Have you noticed that the New Testament speaks of Christian worship in terms of old covenant offerings? For instance, the author of Hebrews says, “Through [Jesus] let us continually offer up a sacrifice of praise to God, that is, the fruit of lips that acknowledge his name” (Heb. 13:15). When the church sings hymns of praise to God or draws near to him in prayer, we are “standing at the altar,” so to speak.
But did you know that even our everyday conversation is to be an altar offering? Moses writes, “You shall season all your grain offerings with salt. You shall not let the salt of the covenant with your God be missing from your grain offering; with all your offerings you shall offer salt” (Lev. 2:13). In his letter to the Colossians, Paul draws on this priestly instruction when he says, “Let your speech always be gracious, seasoned with salt, so that you may know how you ought to answer each person” (Col. 4:6).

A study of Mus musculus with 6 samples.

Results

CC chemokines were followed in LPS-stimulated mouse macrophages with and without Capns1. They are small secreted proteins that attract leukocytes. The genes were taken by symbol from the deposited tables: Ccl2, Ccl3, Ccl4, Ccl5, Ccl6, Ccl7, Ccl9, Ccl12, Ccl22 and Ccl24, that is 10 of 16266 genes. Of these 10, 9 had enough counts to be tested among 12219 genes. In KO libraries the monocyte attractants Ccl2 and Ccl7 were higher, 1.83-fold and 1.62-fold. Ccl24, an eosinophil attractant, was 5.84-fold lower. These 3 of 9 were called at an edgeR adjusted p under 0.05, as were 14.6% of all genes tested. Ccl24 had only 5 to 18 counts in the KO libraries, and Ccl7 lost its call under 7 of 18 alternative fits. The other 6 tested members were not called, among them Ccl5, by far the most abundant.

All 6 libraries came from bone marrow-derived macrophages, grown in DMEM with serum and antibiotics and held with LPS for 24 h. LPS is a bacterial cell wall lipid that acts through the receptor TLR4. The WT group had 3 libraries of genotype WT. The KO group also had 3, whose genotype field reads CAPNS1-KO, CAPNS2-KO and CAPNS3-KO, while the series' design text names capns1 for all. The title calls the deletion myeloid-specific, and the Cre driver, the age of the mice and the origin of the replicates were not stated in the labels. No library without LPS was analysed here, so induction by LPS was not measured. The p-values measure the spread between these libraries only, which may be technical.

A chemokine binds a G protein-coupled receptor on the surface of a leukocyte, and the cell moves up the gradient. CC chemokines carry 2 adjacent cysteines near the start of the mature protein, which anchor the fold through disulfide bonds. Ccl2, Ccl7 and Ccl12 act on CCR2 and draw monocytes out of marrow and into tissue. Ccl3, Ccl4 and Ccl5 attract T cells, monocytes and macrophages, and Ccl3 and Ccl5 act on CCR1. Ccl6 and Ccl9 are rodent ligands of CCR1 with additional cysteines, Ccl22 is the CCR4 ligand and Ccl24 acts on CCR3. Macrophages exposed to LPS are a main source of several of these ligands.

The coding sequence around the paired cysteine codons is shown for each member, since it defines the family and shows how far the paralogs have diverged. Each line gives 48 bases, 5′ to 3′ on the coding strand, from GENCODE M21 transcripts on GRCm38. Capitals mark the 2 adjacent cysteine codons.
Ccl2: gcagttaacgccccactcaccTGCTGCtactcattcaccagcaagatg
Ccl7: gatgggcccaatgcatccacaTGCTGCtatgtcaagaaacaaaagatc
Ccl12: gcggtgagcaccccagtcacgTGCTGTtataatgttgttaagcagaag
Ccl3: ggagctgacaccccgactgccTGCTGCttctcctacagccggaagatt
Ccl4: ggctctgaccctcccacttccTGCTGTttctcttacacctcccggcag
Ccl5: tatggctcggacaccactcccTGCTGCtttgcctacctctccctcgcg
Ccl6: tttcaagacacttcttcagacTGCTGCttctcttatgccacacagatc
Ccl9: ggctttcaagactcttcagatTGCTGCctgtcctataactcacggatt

Paul isn’t suggesting that chitchat about the weather, politics, ball games, or holiday plans is worship. The act of worship is purposeful and conscious. In worship, we are acutely aware of our entering into the presence of God.
But Paul is saying that my everyday conversation must please God – like an offering presented at the altar with salt. Speech that pleases the Lord is “gracious.” Grace-salted talk is honest, deliberate, sensible, kind, courteous, wholesome, encouraging, and hopeful. It is therefore free of lies, mockery, insults, threats, sarcasm, rudeness, vulgarity, coarseness, and profanity.
Solomon says a lovely thing about gracious speech: “A word fitly spoken is like apples of gold in a setting of silver” (Prov. 25:11). Does our everyday speech honor the Lord? Or is the salt missing?